Boris Pasternak




Six months into their affair, in the spring of 1906, Lara decides to end things with Komarovsky. Under the guise of wanting to be more independent, she secures a position as a tutor for Nadya's youngest sister and moves in with that family, the Kologrivovs.

Three years go by without a word from Lara's mother or brother. In Lara's fourth year with the Kologrivovs, Rodion visits her about a gambling debt. He'd first gone to Komarovsky, who will lend Rodion money but only if Lara asks for it. Lara instead gets the money from Nadya's father and gives it to her brother in exchange for his revolver so that he cannot harm himself. Although Mr. Kologrivov soon forgets about the debt, Lara doesn't. She feels like a burden to the Kologrivovs, a hostage thanks to her brother's debt, which she cannot repay. Just after Christmas 1911, she decides to ask Komarovsky for money so she can live on her own.

Yuri, now 20, still lives with the Gromekos and is studying to be a doctor. He will graduate in the spring, along with Tonya and Misha, Tonya in law and Misha in philology, the study of literature and language. In November Tonya's mother, Anna Ivanova, who has been ill with pneumonia, suffers a crisis. She believes death is near and begs Yuri to reassure her. Unsure what to say, Yuri talks about resurrection, assuring Anna Ivanova that life goes on through the memories of others. He feels like a quack, but she feels better the next day. When she falls ill again at Christmas, she begs Tonya and Yuri to marry each other even though they have always been just friends. As they ride to the Sventitskys' Christmas party together, Yuri suddenly realizes how attracted he is to his childhood friend.

Lara, also on her way to the Sventitskys' Christmas party, stops at Pasha's apartment. Hiding her brother's gun, which she intends to use on Komarovsky if he refuses to help her build an independent life, she begs Pasha to marry her at once. He agrees without hesitation. Her backup plan in place, Lara finds Komarovsky at the Sventitskys' party. She tries to shoot him, but she ends up hitting Koka Kornakov, a student, instead. Lara collapses.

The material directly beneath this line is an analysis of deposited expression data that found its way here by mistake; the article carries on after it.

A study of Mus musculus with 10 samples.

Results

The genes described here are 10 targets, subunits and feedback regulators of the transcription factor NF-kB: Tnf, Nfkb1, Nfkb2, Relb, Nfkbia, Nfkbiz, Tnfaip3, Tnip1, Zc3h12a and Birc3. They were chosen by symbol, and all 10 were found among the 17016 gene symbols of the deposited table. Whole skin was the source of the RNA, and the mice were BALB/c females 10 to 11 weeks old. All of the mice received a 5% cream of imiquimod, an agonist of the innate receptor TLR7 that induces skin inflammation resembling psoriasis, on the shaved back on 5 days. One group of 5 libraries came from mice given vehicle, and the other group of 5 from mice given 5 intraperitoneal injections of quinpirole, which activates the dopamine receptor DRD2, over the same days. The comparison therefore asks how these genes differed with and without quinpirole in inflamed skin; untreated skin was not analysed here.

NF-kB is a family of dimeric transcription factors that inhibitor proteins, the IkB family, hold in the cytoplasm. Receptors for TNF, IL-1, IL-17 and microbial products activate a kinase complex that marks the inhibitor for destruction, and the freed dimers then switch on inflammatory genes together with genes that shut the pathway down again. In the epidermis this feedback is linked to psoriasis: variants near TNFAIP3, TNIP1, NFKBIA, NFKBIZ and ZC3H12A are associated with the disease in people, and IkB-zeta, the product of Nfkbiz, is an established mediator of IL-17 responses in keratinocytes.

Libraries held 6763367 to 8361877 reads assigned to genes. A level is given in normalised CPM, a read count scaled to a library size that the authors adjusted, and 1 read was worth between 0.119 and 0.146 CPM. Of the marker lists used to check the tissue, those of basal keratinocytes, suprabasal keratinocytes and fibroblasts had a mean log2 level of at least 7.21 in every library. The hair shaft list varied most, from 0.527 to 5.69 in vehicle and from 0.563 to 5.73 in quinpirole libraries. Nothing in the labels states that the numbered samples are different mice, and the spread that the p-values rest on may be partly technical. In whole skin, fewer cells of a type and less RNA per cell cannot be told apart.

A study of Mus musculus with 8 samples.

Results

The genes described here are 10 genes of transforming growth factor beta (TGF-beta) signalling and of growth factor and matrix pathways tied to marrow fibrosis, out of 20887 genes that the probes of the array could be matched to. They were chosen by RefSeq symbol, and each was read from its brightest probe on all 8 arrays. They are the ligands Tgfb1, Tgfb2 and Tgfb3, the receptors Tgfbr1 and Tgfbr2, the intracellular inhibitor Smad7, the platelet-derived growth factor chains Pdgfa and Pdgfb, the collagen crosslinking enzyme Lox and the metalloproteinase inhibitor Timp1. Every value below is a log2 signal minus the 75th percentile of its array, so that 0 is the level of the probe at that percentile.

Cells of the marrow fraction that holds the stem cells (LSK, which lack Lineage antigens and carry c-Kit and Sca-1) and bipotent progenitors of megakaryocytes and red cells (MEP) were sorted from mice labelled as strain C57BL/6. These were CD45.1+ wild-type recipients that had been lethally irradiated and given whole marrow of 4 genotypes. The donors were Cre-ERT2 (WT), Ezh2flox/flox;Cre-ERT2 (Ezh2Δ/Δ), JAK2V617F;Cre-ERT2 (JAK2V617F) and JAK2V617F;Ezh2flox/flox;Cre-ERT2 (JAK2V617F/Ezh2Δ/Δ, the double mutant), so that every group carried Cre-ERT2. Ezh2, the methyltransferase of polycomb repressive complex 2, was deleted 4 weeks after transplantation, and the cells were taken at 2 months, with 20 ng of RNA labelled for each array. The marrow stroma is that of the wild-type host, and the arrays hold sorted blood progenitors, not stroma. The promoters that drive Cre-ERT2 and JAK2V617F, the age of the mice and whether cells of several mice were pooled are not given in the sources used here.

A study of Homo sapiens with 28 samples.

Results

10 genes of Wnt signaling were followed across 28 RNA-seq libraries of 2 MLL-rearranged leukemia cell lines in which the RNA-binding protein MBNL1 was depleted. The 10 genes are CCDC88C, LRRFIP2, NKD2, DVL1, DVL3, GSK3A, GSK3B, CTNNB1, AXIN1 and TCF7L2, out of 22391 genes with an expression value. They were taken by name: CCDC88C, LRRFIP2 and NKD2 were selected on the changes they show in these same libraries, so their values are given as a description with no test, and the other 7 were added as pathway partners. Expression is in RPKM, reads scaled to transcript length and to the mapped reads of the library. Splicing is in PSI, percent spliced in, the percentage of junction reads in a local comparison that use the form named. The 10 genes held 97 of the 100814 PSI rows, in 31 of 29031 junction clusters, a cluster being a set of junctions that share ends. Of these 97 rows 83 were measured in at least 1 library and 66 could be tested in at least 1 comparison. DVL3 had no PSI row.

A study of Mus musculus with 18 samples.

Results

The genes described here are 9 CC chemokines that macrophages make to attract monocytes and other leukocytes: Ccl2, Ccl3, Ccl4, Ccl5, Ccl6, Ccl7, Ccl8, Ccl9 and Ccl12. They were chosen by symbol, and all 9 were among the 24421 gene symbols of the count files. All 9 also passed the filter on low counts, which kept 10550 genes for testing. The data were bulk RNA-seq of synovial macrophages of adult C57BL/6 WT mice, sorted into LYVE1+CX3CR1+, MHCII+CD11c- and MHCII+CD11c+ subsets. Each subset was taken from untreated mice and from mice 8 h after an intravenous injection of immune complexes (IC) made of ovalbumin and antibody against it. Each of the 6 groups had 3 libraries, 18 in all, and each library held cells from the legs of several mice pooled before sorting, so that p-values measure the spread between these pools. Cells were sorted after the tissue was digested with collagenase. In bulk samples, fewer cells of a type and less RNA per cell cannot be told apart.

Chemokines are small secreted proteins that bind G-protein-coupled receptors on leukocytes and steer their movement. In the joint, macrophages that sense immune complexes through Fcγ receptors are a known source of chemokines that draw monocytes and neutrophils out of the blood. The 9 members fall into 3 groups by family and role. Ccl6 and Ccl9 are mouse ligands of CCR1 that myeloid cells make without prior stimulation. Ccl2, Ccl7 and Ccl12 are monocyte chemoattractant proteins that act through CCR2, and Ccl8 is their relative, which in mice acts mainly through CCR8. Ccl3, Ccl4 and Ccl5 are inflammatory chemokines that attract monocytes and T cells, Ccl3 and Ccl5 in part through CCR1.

Yuri recognizes both Lara and Komarovsky, the latter whom he'd recently seen at a hearing about his father's estate, which Yuri renounced. He decides Lara's quarrel with Komarovksy was political, and helps the barely scratched Koka as a formality before turning his attention to Lara. Before he can approach her, Mrs. Sventitsky and Tonya tell Yuri that Anna Ivanova has died.

Tonya's grief is endless, but Yuri takes a dispassionate view of the death of his surrogate mother. Anna Ivanova is buried in the same cemetery as Yuri's mother, whose grave he has not visited in recent years. While the rest of the funeral party mournfully plods along, Yuri springs ahead to "dream and think, to toil over forms, to bring forth beauty." Aware as never before that "art ... constantly reflects on death and thereby constantly creates life," Yuri will put his feelings and observations into a memorial poem for Anna Ivanova.


Though Yuri is studying medicine, he is constantly pulled in the direction of art. This reflects Pasternak's own desire to write and create, as well as his ideas about the nature of life and death. He, like Yuri, veers toward the romantic, teasing out the beauty from life's darkest moments. Yuri's own obsession with dark emotions is reminiscent of gothic literature from the Romantic period, including Geothe's Faust and Mary Shelley's Frankenstein.

Following Anna Ivanova's funeral, Yuri muses on the cyclical pattern of life and death; this is a slight variation on his theory of resurrection. We are all resurrected, he tells Anna Ivanova, because our souls live on in the memories of other people. The terminology—"memory," "soul," "life"—used to describe it doesn't matter. All that matters is "[i]t will be you, having entered into the composition of the future." There is no death, only life. For Yuri the purpose of life is to create art, which ensures the immortality of one's soul.

Pasternak's version of Russia seems limited to a few dozen souls. Everyone in Doctor Zhivago is connected in one way or another: Misha witnesses Yuri's father's suicide, which was caused by Komarovsky, who seduces Lara, who is friends with Olya, whose grandmother cares for Pasha, who lights the candle Yuri sees burning in the window on the way to the Christmas party. Such connections continue throughout the entire novel. This isn't a long string of coincidences; rather, it's fate. Pasternak doesn't explicitly say whether God is directly involved, but these people's lives, particular those of Yuri and Lara, are intertwined from the very beginning. With each subsequent chapter, the chain connecting Yuri and Lara grows shorter and shorter until their separate stories become one.

Here Lara's story is focused on freeing herself from Komarovsky's influence. Though she is physically rid of him, she can't shake the mental and emotional bonds tying her to him. Since he'd served as a father figure for so long, she still turns to him for help. Yet she hates him so much that if he refuses to help her, she will kill him. Lara's erratic behavior—stowing a gun in her muff, making Pasha promise to marry her without knowing why, jealously sizing up a young girl she thinks is Komarovsky's new lover—are symptoms of her depression, which most often manifests itself in self-loathing. Pasternak writes, "the merrier Lara's life was, the worse she felt." She feels like she's drowning, so she attaches herself to the one person who won't leave her: Pasha. Now Lara plays the parental role, secretly subsidizing Pasha's living expenses and sending money to his parents. She ensures that their relationship is a complete reversal of the one she had with Komarovsky. She is in control and doesn't want to become indebted to anyone ever again.